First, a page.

Published: Wednesday, Nov. 20, 2013, 7:57 p.m.

HARRISBURG — The two state commissions that regulate horse racing in Pennsylvania are on the brink of insolvency, officials said on Wednesday, and two top state senators are calling for the commissions to be dissolved and the regulatory responsibilities shifted to the Pennsylvania Gaming Control Board.

The committee's executive director, Michael Rader, said commissions that regulate harness racing and thoroughbred racing are expected to run out of money well before the fiscal year ends in June.

Major factors include rising personnel costs and the expansion of Internet and off-track betting that is exempt from the pari-mutuel tax that finances the commissions, Rader said.

“Technology has just made it a lot easier for folks to make wagers without having a physical presence at the track,” he said.

Senate President Pro Tempore Joe Scarnati, R-Jefferson, and Majority Leader Dominic Pileggi, R-Delaware, have signed on as co-sponsors of the proposal advanced by Senate Agriculture Committee Chairman Elder Vogel, R-Lawrence.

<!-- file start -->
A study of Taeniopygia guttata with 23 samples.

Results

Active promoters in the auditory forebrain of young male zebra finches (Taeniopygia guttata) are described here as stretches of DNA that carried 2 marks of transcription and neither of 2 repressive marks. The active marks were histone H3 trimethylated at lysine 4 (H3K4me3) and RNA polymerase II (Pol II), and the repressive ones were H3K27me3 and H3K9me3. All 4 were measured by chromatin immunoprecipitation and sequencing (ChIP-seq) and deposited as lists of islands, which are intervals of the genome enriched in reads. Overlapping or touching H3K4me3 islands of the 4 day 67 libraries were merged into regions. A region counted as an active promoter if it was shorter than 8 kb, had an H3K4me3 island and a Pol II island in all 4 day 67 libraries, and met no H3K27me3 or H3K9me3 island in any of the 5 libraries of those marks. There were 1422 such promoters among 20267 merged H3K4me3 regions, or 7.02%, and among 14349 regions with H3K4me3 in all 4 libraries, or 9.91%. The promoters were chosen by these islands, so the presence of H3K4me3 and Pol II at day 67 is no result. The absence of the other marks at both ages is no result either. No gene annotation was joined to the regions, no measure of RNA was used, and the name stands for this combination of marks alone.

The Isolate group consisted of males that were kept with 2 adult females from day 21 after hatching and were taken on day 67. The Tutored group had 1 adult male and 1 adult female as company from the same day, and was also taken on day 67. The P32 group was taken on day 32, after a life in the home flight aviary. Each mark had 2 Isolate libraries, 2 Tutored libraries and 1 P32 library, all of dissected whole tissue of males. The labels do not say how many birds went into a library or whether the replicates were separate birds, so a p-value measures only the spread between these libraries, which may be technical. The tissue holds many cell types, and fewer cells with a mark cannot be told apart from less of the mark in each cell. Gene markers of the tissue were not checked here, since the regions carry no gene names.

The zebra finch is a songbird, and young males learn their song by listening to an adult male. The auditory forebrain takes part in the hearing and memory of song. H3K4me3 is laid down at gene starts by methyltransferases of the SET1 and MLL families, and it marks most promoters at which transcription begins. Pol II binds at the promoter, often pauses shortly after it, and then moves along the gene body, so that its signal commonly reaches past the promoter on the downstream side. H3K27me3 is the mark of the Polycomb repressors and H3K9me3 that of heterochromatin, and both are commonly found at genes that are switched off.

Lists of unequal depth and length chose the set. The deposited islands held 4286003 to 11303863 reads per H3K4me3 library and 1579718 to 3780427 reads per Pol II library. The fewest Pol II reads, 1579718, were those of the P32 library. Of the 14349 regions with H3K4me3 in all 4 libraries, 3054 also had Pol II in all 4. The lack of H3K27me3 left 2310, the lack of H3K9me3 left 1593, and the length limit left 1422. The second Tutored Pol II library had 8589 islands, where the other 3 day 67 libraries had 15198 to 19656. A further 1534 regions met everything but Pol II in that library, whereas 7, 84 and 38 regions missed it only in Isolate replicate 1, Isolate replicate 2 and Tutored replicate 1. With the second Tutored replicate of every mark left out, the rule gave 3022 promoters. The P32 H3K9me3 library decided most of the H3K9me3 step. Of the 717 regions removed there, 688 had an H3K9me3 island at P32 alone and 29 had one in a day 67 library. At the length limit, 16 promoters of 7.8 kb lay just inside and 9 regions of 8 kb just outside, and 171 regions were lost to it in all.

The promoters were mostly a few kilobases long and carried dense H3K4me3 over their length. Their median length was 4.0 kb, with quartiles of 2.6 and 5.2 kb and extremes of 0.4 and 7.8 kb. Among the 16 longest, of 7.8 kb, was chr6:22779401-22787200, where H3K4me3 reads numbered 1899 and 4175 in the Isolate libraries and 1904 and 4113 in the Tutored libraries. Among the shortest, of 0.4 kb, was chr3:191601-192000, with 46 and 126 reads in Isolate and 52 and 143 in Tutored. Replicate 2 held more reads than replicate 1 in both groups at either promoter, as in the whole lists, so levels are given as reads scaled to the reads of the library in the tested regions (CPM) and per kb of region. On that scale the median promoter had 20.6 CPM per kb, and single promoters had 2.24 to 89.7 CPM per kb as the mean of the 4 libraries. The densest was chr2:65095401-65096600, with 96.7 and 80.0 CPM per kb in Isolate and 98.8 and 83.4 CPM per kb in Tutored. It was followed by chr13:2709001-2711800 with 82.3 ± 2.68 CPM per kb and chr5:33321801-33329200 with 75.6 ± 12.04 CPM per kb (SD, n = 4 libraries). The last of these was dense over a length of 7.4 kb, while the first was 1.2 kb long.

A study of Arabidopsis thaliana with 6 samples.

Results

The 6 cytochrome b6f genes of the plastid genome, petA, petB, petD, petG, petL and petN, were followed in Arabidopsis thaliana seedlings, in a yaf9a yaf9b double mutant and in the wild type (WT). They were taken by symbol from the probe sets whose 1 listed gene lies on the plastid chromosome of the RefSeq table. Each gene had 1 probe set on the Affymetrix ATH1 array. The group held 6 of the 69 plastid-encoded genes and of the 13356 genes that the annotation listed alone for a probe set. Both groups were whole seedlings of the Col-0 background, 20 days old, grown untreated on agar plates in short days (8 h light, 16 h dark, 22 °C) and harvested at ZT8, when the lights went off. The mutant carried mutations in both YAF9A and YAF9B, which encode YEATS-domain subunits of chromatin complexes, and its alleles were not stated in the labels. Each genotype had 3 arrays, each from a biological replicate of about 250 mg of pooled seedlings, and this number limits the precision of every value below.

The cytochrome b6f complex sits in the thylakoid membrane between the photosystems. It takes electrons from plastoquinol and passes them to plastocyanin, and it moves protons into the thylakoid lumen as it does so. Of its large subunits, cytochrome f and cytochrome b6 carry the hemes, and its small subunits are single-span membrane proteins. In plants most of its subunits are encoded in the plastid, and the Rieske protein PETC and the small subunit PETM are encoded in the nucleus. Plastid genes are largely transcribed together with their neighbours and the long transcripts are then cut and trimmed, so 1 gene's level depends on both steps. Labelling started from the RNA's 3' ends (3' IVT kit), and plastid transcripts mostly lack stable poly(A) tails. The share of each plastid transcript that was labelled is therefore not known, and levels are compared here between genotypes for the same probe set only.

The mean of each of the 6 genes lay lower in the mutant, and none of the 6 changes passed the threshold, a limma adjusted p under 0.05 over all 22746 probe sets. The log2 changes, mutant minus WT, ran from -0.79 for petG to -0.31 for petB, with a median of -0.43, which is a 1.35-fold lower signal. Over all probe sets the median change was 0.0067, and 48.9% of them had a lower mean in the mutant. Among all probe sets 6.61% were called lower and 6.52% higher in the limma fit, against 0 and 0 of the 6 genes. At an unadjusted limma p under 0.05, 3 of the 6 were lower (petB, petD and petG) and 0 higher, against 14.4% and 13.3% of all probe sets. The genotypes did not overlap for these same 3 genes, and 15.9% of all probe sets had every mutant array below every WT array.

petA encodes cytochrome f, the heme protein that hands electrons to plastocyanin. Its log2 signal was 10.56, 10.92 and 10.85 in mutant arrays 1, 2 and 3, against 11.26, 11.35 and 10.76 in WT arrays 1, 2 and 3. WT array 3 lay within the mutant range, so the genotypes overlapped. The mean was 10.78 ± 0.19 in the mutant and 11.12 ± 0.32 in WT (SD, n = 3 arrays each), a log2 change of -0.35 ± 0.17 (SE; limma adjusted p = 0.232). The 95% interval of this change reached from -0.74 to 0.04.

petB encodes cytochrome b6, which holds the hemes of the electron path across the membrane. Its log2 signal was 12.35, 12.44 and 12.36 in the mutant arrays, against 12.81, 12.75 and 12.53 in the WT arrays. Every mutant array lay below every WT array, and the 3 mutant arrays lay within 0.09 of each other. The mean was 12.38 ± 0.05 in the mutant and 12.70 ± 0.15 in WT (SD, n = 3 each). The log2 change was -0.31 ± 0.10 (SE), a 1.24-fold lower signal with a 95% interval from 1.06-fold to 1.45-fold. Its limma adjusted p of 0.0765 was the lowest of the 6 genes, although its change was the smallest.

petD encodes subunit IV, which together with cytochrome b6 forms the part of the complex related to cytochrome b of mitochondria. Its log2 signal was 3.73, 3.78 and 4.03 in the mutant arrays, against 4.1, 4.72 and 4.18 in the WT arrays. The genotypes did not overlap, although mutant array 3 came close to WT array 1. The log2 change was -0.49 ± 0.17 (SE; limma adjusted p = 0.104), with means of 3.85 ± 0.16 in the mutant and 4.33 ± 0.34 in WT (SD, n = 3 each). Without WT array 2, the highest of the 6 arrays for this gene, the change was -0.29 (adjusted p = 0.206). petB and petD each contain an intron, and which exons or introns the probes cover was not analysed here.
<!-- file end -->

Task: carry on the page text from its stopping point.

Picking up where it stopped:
Vogel's bill would shift responsibility for drug testing of horses and other regulatory activities to the gaming board, which licenses and regulates Pennsylvania's gambling casinos. It would take effect 60 days after it is enacted, Rader said.

By law, the horse racing industry receives more than $200 million a year from slot machine gambling revenue to fatten purses, assist breeding operations and provide health and pension benefits for horsemen.

“Pennsylvania has a large, well-staffed and highly skilled Gaming Control Board which already regulates hundreds of millions of dollars, perhaps billions of dollars, worth of gaming activity in the state,” Pileggi said. “It's entirely appropriate for them to take over the role of regulating standardbred and thoroughbred racing in the state as part of their duties.”

The cost of regulating horse racing — $21 million was budgeted last year — would be offset largely by new licensing fees for racing participants and fee-based drug-testing of horses, Rader said.

Pennsylvania has three harness racing tracks and a fourth that is licensed but not built. It also has three thoroughbred tracks.

A companion bill sponsored by Vogel would provide as much as $5 million from the Race Horse Development Fund, which consists of slot machine money, to sustain the commissions through the transition.

Gov. Tom Corbett's Budget Office helped prepare the transition bill, said Corbett spokesman Jay Pagni.

Alan Novak, chairman of the Pennsylvania Horse Racing Commission, which regulates thoroughbred racing, said the need for changes cannot be ignored.

“This was something we saw coming a year ago,” he said.